When men engage in acts of conspicuous consumption, they experience a surge of testosterone, which prepares them for a (hoped for) liaison by increasing sexual desire, confidence, and aggression. The crucial piece of the puzzle, of course, is whether or not potential mates actually find this “costly signal” of the man’s status attractive.
Research suggests that it just might. When women are ovulating they are more susceptible to status signals.
Not only that, but when women are fertile, they are also more likely to engage in conspicuous displays of their own. For women, though, the conspicuous display is more personal than for men. Women tend to spend more money on clothing and wear more revealing, sexier clothing when they are ovulating. From an evolutionary perspective, that makes sense. Sexying things up and attracting the best mates when you are most likely to become pregnant probably served women well over the course of our history.
So, both sexes are playing the mating game, but for men the display is about social status, while for women it’s about fertility.
Given the economic implications of all of this mating-related consumption, a team of researchers (Kristina Durante, Vladas Griskevicius, Sarah Hill, Carin Perilloux, and Norman Li) wondered how the economy might affect women’s spending. They found their first hint in some surprising historical economic data. During the Great Depression of the late 1920s and early 1930s, when the country was in economic ruin, the ladies’ cosmetics industry boomed. This could have been for any number of reasons. However, a significant body of prior research has also shown that when women perceive competition for mating opportunities (either lots of other women or a shortage of desirable men), they tend to spend more money on appearance-enhancing items — fashion, cosmetics and the like.
Therefore, the researchers devised a study in which both ovulating and non-ovulating women were shown a set of photographs. The photographs women were shown contained either attractive women, attractive men, or less attractive women or less attractive men. The women in the experiment were then asked to make choices on a shopping website set up for the purposes of the study.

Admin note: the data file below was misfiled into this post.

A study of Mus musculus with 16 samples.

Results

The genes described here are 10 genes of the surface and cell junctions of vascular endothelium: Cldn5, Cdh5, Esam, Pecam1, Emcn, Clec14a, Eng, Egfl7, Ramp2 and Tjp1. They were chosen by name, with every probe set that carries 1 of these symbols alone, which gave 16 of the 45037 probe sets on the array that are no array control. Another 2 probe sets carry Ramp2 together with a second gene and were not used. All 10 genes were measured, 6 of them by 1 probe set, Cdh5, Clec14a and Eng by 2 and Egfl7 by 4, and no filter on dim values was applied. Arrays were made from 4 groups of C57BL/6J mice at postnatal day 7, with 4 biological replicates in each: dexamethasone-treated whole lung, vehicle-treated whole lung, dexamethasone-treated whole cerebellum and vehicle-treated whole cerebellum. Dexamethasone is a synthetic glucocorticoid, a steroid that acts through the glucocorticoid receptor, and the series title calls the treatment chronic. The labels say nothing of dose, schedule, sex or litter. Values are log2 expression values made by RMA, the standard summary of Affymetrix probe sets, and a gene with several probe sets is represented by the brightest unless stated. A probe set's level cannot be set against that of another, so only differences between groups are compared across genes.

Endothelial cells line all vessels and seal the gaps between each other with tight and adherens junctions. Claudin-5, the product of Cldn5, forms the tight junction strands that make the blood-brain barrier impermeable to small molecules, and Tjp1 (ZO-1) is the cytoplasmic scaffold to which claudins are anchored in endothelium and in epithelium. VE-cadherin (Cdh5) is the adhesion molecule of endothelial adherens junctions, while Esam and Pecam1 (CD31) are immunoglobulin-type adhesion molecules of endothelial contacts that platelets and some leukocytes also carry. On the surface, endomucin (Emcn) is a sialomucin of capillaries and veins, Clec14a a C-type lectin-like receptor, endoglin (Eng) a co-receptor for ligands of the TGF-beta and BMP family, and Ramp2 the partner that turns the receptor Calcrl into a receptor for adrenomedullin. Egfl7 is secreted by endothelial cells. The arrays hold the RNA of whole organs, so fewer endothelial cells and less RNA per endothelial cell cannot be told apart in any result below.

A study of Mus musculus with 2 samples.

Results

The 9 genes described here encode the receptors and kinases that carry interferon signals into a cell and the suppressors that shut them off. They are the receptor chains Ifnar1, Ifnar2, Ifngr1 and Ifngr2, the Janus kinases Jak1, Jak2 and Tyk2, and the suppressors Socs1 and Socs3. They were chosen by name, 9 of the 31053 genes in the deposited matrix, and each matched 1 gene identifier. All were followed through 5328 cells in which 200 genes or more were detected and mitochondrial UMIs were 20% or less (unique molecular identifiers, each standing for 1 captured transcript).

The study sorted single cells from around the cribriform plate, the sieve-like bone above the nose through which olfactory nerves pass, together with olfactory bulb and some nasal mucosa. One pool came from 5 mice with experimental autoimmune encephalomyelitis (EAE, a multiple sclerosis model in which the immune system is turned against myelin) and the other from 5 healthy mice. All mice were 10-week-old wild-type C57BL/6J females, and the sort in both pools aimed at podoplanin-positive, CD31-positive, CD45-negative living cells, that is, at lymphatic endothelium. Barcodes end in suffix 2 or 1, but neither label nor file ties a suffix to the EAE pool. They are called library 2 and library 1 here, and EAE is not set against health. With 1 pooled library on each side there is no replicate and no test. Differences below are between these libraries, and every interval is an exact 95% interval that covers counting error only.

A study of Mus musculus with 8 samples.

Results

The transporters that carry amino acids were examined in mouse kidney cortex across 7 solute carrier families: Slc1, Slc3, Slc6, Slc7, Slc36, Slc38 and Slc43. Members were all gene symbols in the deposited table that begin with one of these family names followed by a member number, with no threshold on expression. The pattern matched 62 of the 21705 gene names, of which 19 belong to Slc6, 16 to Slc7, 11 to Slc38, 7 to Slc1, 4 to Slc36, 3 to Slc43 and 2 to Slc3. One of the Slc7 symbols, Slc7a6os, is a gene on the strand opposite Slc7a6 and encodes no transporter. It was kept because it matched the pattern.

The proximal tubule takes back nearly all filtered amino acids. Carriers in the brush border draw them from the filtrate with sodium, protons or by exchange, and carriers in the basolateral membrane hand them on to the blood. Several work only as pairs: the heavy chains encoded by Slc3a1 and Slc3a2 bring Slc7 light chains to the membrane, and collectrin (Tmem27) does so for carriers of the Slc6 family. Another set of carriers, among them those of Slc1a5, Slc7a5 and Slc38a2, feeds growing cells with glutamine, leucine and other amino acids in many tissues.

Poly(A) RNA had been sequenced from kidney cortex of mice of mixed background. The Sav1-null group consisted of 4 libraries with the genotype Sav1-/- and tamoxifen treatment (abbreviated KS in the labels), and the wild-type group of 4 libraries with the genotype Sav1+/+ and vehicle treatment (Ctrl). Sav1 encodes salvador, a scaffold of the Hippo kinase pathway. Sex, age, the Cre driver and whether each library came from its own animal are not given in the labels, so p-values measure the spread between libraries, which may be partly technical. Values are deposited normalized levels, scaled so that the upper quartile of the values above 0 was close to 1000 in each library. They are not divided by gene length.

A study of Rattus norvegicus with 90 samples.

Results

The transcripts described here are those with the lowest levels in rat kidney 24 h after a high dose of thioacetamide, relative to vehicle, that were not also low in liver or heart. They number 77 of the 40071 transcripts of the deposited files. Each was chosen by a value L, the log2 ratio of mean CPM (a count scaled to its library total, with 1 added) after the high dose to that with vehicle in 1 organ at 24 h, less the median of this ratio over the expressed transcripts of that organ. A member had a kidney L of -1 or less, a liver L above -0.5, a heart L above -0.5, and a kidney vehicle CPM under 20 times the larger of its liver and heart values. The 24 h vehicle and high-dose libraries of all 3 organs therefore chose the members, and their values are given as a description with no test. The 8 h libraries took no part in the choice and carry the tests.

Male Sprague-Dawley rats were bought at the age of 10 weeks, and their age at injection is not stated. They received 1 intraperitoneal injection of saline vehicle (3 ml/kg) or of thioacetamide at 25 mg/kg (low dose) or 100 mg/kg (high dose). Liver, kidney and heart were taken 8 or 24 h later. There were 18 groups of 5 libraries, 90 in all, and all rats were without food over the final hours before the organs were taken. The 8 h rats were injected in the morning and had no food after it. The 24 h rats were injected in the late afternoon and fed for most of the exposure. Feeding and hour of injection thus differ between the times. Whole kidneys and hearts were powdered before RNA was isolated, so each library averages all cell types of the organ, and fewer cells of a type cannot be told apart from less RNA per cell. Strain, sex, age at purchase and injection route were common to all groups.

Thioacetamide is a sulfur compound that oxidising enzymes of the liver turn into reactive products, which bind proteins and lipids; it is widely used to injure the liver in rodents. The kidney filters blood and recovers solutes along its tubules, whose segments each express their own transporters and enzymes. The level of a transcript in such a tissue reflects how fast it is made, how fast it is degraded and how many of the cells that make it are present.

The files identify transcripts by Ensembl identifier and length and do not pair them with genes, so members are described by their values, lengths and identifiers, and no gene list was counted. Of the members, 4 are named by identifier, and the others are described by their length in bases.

What researchers found was that only when ovulating women were “primed” with attractive other women did they choose significantly sexier items from the store. Non-ovulating women’s choices weren’t affected by the photos of the attractive women, and ovulating women’s choices weren’t affected by pictures of men, attractive or not.
So, connecting all the dots, the researchers concluded that when women perceive there to be competition for mating opportunities, they sexy up their wardrobe. Something as seemingly unrelated as the state of the economy may lead women to perceive that the pool of available, attractive men is smaller, and thus, the competition for those mates stronger. Just when many can least afford it, they may feel the urge to splurge in order to sexy up their wardrobe to compete for that smaller pool of high status men.
The moral of this story for women, then, is that if you are ovulating and feel a sudden urge to splurge on sexy clothes or high-end cosmetics, consider waiting until the feeling (and that time of the month) passes.
Beyond The Purchase is a website dedicated to understanding the psychology behind spending decisions and the relationship between money and happiness. We study how factors like your values and personality interact with spending decisions to affect your happiness. At Beyond The Purchase you can take quizzes that help you understand what motivates your spending decisions, and you’ll get personalized feedback and tips. For example:
The article referenced above is called, “Ovulation, female competition, and product choice: Hormonal influences on consumer behavior,” and appeared in the April, 2011 edition ofThe Journal of Consumer Research, 37(6), 921–934.